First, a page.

Wednesday, 28 April 2010

The poetic murmuring

We’ve just spent a rather magical day in the countryside around Cambridge. Everything’s looking so fresh and beautiful at the moment. The leaves on the trees are a vibrant shade of lime and hundreds of multi-coloured flowers line the country lanes. Cowslips, dandelions, poppies, daffodils, tulips, bluebells and daisies are all blooming at once and the air is sweet with the smell of fresh blossom. We met up with the parents and picnicked in a country park before playing a game which involved launching giant darts at a scoreboard on a molehill.

We then made our way into Cambridge for a sneak preview of the house that my very dear friend Helen is about to move into. She wasn’t there, which was a shame, because my mother seemed very keen to get the tape measure out and advise her on carpets and curtains. We’re all agreed that she’s picked a particularly lovely area of town, which is filled to the brim with alternative shops and cafes. We used to visit this part of Cambridge rather a lot in the early 1980s. There were rows of whole-food shops back then, and places that sold wrap-around skirts and joss sticks, so it was a sort of Mecca for my CND-supporting, bran-tastic mother. It’s also the place where I bought my ‘cello. I still remember the smell of the case and how proud I felt to have my very own instrument. Previously I’d had to make do with a borrowed 'cello which had been thrown together on a production line somewhere in China and sounded like a sitar when I played pizzicato.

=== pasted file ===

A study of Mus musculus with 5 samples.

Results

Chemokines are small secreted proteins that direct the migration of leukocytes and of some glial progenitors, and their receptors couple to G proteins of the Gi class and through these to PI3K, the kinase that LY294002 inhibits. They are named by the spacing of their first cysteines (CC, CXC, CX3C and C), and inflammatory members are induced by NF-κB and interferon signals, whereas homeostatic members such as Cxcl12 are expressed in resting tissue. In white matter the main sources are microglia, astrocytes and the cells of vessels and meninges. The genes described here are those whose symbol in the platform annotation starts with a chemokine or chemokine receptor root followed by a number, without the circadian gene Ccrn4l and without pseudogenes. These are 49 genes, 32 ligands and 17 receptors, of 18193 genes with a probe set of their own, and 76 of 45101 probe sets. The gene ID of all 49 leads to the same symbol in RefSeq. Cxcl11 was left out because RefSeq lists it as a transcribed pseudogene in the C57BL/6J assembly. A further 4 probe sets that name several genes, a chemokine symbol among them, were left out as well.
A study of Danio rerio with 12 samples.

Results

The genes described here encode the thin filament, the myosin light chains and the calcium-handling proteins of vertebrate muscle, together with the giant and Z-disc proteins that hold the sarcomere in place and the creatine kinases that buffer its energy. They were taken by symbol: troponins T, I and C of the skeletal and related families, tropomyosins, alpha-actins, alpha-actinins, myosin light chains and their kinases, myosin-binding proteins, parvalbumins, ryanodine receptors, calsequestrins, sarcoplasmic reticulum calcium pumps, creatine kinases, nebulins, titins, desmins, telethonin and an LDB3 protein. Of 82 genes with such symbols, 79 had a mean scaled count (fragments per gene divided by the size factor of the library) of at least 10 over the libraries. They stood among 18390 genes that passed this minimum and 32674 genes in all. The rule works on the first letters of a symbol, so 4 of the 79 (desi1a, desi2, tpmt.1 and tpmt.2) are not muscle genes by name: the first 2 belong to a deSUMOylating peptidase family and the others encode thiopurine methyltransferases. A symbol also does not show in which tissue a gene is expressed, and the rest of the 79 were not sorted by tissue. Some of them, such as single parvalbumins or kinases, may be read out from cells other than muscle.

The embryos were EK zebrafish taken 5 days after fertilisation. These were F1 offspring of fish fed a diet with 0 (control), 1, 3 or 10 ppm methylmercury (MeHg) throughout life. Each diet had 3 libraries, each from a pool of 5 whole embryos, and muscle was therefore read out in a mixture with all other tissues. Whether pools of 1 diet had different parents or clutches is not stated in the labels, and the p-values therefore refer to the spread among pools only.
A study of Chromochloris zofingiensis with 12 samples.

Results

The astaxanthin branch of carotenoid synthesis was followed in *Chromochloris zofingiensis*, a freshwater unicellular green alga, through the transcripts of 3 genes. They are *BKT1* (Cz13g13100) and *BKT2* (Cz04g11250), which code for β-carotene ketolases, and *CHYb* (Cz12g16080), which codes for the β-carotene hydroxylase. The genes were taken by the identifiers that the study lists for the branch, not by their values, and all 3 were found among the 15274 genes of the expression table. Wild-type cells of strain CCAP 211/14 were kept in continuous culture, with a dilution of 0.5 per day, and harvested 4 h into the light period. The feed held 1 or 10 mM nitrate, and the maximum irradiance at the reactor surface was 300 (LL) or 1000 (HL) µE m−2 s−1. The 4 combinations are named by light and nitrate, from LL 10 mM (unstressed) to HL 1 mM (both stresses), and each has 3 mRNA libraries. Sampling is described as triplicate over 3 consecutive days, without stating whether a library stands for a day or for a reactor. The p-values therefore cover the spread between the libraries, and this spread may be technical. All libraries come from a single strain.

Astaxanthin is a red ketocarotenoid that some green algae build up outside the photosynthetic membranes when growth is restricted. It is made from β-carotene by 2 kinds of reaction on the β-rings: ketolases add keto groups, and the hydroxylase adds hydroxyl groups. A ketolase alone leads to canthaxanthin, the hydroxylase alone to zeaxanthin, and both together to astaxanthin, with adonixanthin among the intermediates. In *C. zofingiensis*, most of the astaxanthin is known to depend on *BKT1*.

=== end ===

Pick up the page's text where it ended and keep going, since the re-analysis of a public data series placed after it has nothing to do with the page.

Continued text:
We spent the afternoon at the Orchard in Grantchester eating cream teas in a garden filled with apple and cherry blossom. I’m sure if we’d closed our eyes and listened carefully enough, we would have heard the poetic murmurs of Virginia Woolf and Rupert Brooke carried to us on the soft Cambridge breeze. Their ghosts still haunt these parts, 100 years after they sat under these very trees. It was a delightfully English way to spend an afternoon.

Brook and Woolf: The Ghosts of Grantchester.

Reading Pepys' diary for this date, 350 years ago, I’m amused to discover our hero was also playing a game which involved throwing things. In his case, it was nine-pins, and like me, he won. Unlike me, however, he was playing for money and earned himself a crown from Mr Pickering, who conveniently didn’t have enough money to pay up. After supper Montagu plainly got a bit squiffy, because the evening ended in a riot of music-making on the lower deck.